A lot of Canadians assume that winter is the down season for mold growth; however, in reality, that couldn’t be any further from the truth. In fact, Canadian winters present plenty of opportunities for mold widespread indoor mold growth.

In warmer parts of the world, mold growth predominately occurs during the summer, when the weather is hot and humid. In Canada, the winters are quite cold, but it’s the primary mold season for the country. Since windows are closed and people spend a lot of time indoors, household mold can increase and with it, create indoor air quality problems.

Understanding the cause of mold growth in winter and the solutions is something that can make a major difference in your health.

Health Canada classified indoor mold growth as a significant health hazard. People who live in homes with damp conditions where mold can grow are likely to develop health problems, including:

  • Eye, nose, and throat irritation
  • Coughing and phlegm buildup
  • Wheezing and shortness of breath
  • Exacerbated asthma symptoms

The difference in temperature between indoor and outdoor spaces is the primary reason why winter is the height of indoor mold growth in Canada. The wider the temperature difference, the more mold can develop. This is caused by a peculiar trait of air. The cooler air is, the less moisture it holds. Therefore, whenever warm indoor air makes its way into colder areas, such as around windows and in wall cavities, in attics, and in basements, the ability for air to retain moisture decreases.

Indoor air with a relative humidity of about 50 percent at 22 degrees C will rise to 100 percent relative humidity when that same air cools to just 11 degrees C, with everything else remaining equal.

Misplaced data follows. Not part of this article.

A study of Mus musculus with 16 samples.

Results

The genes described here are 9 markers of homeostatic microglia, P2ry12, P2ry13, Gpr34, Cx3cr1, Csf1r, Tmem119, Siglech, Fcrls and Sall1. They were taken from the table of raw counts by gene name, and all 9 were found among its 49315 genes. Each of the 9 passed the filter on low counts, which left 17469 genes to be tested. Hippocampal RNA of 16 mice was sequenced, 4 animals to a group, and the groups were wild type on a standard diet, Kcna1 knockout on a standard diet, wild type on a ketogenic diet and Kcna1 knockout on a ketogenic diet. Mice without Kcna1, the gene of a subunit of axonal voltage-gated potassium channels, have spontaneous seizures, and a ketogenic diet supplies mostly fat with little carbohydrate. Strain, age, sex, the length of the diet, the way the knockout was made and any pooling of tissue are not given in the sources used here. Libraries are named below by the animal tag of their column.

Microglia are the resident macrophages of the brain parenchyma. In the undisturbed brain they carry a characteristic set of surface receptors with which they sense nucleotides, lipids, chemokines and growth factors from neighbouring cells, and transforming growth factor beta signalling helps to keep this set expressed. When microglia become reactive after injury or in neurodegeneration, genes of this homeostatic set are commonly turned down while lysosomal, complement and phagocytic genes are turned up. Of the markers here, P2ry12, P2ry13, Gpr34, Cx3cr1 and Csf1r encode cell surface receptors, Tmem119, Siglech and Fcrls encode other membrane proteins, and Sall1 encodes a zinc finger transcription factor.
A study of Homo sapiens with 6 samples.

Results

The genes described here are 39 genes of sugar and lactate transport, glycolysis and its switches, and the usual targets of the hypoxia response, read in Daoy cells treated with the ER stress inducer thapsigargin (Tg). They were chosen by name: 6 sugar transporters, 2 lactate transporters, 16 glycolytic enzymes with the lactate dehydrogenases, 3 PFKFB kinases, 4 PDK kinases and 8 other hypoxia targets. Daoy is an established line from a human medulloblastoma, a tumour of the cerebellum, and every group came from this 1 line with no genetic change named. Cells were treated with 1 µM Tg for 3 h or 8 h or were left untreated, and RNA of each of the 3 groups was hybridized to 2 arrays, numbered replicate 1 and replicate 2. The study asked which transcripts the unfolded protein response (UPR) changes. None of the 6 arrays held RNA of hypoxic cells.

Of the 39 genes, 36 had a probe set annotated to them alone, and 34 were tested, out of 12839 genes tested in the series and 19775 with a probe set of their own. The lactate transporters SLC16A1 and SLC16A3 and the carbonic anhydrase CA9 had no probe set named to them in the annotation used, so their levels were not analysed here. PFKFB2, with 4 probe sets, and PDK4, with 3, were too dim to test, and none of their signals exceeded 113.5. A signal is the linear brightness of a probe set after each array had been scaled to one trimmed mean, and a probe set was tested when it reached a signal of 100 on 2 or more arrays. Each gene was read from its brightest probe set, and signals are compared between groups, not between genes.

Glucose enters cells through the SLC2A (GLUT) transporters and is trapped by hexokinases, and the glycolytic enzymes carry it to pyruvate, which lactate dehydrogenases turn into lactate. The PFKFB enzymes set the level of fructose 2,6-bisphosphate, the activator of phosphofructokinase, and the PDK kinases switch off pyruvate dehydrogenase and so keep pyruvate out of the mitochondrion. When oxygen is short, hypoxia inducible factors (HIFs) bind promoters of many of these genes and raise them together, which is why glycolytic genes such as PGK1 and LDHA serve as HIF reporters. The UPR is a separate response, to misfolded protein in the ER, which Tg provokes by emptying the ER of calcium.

Any additional cooling will lead to the formation of water droplets on surfaces.

Mold only grows when there is a sufficient amount of moisture. As soon as moisture develops, mold can flourish. It is because of the dynamic cooling and condensing that windows can get wet on the inside during cold weather, and why mold grows inside wall cavities that lack an effective vapor barrier.

Poorly insulated walls can develop mold on their interior surfaces, too, when the weather gets cold outside and furniture stops warm air from circulating in those locations. If mold grows in your walls in the winter, it’s almost always behind a piece of furniture.

To prevent mold from growing in your house over the winder, you can do two things. Firstly, lower the indoor humidity levels. Secondly, prevent warm indoor air from reaching places where it can cool down and condense, so make sure that walls, roofs, and attics are well insulated.

Mold Inspection & Testing Toronto has years of experience performing mold assessments in homes throughout Toronto and all of Ontario. If you suspect that mold is growing inside your home, we urge you to schedule an appointment for mold testing with a reputable company. To speak with an MI&T representative, call 855.600.6653.